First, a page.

TV Review

Published: Friday, October 23, 2009

Updated: Friday, October 23, 2009 07:10

    On Aug. 28, 2009, Adam "DJ AM" Goldstein was found dead in his apartment with a bag of crack cocaine and drug paraphernalia beside him.

    But that's the end of the story. Time to go back to the beginning.

    During the winter of 2009, DJ AM set out to film an eight-part miniseries called "Gone Too Far" for MTV, wherein he helps young addicts break their addictions. After Goldstein's drug overdose, his family decided to air the show in tribute to him. In each episode, Goldstein speaks to an addict and that person's family, stages interventions and, with any luck, sends them to rehab centers to get clean.

    The first episode features Amy, a 23-year-old heroin addict from Philadelphia, Goldstein's hometown. The second centers on Gina, a 20-year-old heroin and angel dust addict from Hartford, Conn.

    Each episode follows the same structure but presents Goldstein with its own set of problems. Amy, for example, constantly steals from her family members to support her addiction, angering them and driving them away from her. Gina, on the other hand, receives money from her family members to fund the drugs, their rationale being that they would rather fund her than have her out on the streets. Both families opt not to turn in their addicts or force them into rehab, effectively enabling them and exacerbating already sticky situations.

    Both of the first two episodes have been eye-openers, in part because they focus on young female addicts who do not fit the normative "drug addict" stereotype. The message here is that addiction can, and does, strike everyone.

    There is love in the families of the addicts profiled on "Gone Too Far," and though it doesn't seem as though the families are intervening for TV fame, there's still a grey area. Regardless, if the only way that these young people could get help is to appear on DJ AM's high-profile MTV rehabilitation show, that's better than nothing.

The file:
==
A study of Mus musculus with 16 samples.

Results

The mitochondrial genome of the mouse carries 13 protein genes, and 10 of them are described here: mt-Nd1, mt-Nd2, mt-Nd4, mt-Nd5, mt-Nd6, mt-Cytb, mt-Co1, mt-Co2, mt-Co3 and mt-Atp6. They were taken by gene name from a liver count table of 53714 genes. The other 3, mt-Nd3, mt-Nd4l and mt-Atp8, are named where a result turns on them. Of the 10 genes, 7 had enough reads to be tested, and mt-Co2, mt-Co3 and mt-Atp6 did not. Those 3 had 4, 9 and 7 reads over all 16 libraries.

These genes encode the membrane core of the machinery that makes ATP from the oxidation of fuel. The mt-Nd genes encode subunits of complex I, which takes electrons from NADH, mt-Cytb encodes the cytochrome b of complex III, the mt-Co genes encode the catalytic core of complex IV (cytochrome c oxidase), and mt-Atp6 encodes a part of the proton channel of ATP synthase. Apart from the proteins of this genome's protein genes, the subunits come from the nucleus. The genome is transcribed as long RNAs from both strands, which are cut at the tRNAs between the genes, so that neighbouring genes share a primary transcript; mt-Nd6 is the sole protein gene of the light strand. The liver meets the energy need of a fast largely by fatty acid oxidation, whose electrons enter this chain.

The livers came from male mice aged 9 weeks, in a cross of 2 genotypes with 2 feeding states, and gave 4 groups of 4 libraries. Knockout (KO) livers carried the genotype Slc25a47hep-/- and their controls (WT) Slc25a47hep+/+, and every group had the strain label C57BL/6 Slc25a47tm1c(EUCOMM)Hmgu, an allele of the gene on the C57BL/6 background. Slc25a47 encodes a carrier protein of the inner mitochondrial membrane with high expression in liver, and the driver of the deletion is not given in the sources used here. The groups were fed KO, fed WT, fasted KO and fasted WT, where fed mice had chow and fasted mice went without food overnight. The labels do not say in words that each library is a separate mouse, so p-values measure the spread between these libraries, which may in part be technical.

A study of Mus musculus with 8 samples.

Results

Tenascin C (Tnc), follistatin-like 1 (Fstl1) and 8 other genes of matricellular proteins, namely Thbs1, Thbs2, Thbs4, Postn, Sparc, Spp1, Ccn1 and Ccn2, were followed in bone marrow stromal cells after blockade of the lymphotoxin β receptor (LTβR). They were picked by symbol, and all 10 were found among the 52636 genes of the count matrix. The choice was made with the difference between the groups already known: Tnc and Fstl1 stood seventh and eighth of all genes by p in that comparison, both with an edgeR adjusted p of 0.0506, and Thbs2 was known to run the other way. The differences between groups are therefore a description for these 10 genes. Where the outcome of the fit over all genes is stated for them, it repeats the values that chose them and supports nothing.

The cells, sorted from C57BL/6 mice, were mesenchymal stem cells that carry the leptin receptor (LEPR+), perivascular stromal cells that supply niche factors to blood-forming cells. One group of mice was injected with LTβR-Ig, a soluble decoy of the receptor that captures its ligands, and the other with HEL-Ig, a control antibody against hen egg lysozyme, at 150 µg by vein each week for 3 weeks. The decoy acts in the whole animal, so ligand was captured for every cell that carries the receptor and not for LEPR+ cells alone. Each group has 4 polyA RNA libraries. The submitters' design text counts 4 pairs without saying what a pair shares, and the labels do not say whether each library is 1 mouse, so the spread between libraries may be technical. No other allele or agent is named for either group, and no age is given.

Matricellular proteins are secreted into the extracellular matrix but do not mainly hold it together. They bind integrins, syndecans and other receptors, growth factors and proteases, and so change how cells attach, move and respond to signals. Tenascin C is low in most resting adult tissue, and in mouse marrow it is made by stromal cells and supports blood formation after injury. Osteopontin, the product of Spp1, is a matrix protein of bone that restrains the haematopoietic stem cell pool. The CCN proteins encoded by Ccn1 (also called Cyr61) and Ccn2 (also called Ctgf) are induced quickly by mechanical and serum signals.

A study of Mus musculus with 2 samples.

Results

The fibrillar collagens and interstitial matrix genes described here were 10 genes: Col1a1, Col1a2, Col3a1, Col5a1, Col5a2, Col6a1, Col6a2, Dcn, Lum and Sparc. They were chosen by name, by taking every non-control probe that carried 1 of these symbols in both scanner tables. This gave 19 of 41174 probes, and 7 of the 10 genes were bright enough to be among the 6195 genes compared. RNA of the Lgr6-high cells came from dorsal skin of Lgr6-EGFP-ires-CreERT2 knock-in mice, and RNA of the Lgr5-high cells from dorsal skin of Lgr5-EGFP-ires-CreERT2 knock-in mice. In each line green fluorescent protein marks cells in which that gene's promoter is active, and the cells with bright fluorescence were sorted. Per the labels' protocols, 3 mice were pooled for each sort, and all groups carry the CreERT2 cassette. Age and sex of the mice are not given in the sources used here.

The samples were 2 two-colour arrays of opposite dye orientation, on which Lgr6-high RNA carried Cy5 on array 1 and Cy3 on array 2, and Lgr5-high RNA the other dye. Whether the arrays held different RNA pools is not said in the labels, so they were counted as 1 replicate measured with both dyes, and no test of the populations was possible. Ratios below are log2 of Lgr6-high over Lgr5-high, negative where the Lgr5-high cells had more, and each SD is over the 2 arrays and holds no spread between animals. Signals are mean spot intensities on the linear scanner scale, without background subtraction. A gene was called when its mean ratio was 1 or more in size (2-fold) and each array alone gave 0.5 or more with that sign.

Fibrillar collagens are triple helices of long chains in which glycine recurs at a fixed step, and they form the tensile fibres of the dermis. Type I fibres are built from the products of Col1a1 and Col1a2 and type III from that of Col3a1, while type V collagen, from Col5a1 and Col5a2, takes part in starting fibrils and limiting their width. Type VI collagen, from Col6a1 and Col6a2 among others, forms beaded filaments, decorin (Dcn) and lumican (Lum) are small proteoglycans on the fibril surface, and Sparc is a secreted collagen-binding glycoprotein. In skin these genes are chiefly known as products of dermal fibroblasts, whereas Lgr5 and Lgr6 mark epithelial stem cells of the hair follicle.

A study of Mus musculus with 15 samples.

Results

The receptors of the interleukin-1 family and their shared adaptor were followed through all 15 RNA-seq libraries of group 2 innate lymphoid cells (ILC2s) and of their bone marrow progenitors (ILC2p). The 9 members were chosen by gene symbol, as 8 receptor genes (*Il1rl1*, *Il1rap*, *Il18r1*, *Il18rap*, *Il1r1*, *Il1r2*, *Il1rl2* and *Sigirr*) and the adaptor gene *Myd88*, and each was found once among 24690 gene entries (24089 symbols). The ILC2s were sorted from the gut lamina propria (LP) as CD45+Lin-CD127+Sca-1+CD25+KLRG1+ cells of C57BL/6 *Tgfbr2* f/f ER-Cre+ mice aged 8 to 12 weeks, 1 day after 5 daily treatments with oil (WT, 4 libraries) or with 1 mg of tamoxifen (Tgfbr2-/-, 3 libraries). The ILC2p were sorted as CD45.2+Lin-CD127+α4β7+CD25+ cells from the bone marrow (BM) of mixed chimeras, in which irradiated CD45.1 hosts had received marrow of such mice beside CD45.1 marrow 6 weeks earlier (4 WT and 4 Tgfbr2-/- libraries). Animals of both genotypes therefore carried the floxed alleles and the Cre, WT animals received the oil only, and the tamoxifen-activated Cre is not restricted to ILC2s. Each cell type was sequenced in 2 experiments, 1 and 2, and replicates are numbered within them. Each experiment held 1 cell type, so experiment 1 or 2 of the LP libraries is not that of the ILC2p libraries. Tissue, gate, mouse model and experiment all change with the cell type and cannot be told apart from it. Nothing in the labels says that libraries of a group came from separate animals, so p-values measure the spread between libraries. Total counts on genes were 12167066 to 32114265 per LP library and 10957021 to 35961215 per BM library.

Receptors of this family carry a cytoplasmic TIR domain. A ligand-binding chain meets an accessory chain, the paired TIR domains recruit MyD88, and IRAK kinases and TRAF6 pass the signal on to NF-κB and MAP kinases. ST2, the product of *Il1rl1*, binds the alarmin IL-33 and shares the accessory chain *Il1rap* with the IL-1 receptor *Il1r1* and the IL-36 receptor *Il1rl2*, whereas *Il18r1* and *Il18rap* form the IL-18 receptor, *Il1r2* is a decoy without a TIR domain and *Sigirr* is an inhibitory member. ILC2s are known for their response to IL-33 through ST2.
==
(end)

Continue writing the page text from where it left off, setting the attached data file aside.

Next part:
It's easy to be turned off or overwhelmed by the sensitive content of "Gone Too Far," but the show succeeds in its portrayal of the events. "Gone Too Far" feels far less exploitive than its VH1 and A&E counterparts, "Celebrity Rehab with Dr. Drew" and "Intervention," respectively. Segments before and after commercial breaks advertise an MTV substance abuse-awareness Web site, substanceabuse.mtv.com, and indeed the show's purpose can often seem to be education more than entertainment.

    It's hard to reconcile this show with the fact that Goldstein himself died of a drug overdose this past August. Goldstein, though only in his mid-30s at the time the show was filmed, looks much older. It's clear that his own drug use had taken a toll: His face is paunchy, wrinkled and scarred, and the way he talks to the addicts and their families shows that he understands firsthand the trauma that they are experiencing.

    When Gina, the heroin addict from the second episode, leaves rehab and relapses, Goldstein seems genuinely upset, but he seems more surprised than disappointed. Personal experience with drug addiction seems to have given Goldstein the heart and understanding to try to make a change, but being around addicts couldn't have been good for him — and quite possibly had a hand in his relapse. As he doles out advice to the addicts and their families, Goldstein seems fully heartfelt and honest, but the specter of his personal tragedy-to-come looms over everything he says.

    The series is short, but the eight hour-long episodes will live on long after they've aired on MTV, as educational tools and warnings for addicts and their loved ones. While the show isn't entertaining in any typical sense of the word, it is eye-opening and well produced.

    It's hard to recommend "Gone Too Far," but impossible to ignore it. I've chosen not to give "Gone Too Far" the Daily's usual star rating. It would be a fairly high rating, but that would make it out to be entertainment, and "Gone Too Far" is not a flipping-channels-for-fun show.

    Programs such as these raise serious ethical issues, but it is ultimately important to be aware of the troubling stories behind them. The real tragedy of this show is Goldstein's fate: While he could help these young adults, no one could help him, even with 11 years of sobriety under his belt.

    Maybe that's the ultimate lesson: no one is impervious to the dangers of addiction.